One of the duties the 18th Century soldier could be tasked with was that of company tailor. When a British regiment was preparing its annual clothing issue, the tailors were an essential element. Simes states that a soldier's clothing should be marked with both his name and the name of the tailor who altered the item. When necessary, it was even advisable, according to Simes, to put a guard over the tailors to ensure they would continue until the annual issue of clothing was completed to the satisfaction of the officers.
To help us understand the soldier-tailor, the events of a Saturday in March 1774, within the "Taylors Room" in the Philadelphia Barracks of the 18th (Royal Irish) Regiment of Foot have been preserved for our viewing pleasure. The room was next to the main gallery of the barracks and approximately five yards square. The room had at least one window. On that morning, ten privates of the 18th were working on the soon-to-be-issued annual clothing. They were working under the supervision of Samuel Lee, the master tailor and a private of the grenadier company. Lee was deaf, or at least hard of hearing, but that did not apparently affect his ability to sew. Additional supervision was provided by Sergeant Harbison who was present in the room for at least part of the time that morning. Captain Benjamin Charnock Payne and Ensign Edmund Prideaux stopped in that morning to check on the condition of the clothing as well.
Major Hamilton, commanding the regiment, had ordered that no additional work was to be done by the tailors until the annual issue was complete, but on that day a green coat was being worked on for the chaplain, Rev. Robert Newburgh. The adjutant's son also came into the room to try on a pair of breeches and a waistcoat being made for him by one of the tailors, so this order was not being well enforced. This may have been part of the frustration of Capt. Payne who called the tailors a generally drunken and lazy bunch and had to motivate them to work with his rattan. Private Robert Jeff appears to have been temporarily lamed by the beating Payne gave him for being idle and a "little given to drunkeness." At least two the tailors present that day, Thomas Beversly and John Conway, had deserted in the past. Beversly was also confined for drunkeness, though drink was not the only vice to be found among the tailors -- John Laverty was so severely poxed that the surgeon would not let him travel to testify at a court martial as the trip to New York might have killed him. Brandt Dabbidie, another tailor, was not able to testify at a court martial due to being laid up from 400 lashes received as punishment for appearing dirty at church parade.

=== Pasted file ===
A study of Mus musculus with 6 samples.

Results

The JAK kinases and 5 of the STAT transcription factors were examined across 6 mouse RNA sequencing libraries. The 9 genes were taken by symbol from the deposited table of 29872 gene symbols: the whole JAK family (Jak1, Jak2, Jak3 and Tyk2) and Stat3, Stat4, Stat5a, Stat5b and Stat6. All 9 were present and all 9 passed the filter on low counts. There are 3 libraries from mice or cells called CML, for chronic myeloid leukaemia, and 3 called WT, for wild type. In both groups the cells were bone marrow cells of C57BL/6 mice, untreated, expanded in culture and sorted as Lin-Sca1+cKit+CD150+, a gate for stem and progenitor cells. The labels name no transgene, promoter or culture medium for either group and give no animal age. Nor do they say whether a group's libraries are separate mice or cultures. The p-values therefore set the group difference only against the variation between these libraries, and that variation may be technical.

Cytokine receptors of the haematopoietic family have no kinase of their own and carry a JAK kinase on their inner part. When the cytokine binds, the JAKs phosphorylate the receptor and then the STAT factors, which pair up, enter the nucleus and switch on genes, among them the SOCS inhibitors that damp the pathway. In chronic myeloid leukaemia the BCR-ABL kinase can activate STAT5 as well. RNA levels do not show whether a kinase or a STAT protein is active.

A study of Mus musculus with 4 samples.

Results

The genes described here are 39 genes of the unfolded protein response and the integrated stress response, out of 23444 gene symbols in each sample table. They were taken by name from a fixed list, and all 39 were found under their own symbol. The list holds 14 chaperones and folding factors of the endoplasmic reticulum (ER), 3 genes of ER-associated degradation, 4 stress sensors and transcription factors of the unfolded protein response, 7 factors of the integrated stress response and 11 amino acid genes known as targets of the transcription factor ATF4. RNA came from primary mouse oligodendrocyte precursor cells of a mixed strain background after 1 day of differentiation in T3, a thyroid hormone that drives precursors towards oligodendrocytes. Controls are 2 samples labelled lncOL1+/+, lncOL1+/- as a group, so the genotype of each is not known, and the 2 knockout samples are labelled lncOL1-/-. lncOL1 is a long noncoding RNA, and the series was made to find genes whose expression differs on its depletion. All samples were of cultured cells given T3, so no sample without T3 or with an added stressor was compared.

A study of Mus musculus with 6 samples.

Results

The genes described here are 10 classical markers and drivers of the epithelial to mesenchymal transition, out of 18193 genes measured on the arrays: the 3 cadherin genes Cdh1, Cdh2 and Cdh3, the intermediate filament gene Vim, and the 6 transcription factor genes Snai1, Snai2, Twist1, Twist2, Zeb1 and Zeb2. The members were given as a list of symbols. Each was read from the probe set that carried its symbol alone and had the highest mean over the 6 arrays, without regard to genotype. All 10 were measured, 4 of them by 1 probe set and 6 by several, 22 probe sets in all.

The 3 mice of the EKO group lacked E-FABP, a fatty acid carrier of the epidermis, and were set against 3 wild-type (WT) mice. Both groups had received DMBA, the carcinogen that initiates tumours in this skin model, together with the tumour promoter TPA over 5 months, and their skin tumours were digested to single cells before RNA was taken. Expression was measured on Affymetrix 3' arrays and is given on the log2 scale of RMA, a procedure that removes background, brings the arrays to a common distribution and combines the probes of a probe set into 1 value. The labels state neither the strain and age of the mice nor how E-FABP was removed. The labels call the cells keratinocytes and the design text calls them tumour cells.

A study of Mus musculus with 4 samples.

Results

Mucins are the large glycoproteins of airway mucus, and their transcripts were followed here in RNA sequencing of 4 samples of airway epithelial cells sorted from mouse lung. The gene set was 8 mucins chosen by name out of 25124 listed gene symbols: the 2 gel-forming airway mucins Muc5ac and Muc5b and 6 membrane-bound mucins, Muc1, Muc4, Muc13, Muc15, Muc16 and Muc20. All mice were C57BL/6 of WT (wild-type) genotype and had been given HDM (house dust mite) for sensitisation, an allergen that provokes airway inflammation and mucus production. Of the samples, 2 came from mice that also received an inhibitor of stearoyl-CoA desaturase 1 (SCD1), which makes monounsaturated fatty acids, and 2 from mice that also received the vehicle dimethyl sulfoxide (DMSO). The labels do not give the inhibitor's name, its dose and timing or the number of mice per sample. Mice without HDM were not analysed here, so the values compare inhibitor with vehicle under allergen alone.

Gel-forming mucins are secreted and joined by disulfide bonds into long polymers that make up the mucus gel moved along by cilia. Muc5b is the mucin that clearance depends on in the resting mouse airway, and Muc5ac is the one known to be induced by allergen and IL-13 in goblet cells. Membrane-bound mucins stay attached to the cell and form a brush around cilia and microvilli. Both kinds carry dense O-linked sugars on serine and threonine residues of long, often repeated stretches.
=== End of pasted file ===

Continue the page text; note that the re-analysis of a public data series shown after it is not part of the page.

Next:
The tailors of the 18th did appear to need a fair amount of pressure to complete the clothing, and the officers of the 18th generally complained that they were idle and lazy fellows who needed to be beaten into working. Perhaps it was simply the huge amount of clothing that needed to be prepared for a regiment or possibly the fact that they were not to hire out to work on other clothing that made the annual issue such a problem. The tailors of the 18th turned out breeches, waistcoats, and regimentals in addition to cutting down hats and re-working belting.
This information survived because it was contained in the general court martial of John Green, a tailor of the 18th Foot, who was accused of bearing false witness against Capt. Payne. Green and two other tailors were found guilty by a regimental court martial of falsely stating that Capt. Payne had called the chaplain a "buggerer", but Green won his case on appeal and escaped a lashing at the head of the regiment. Cpt. Payne claimed he had only asked "Is the chaplain a buggerer?" Seven officers and eight soldiers of the 18th Regiment testified at the trial.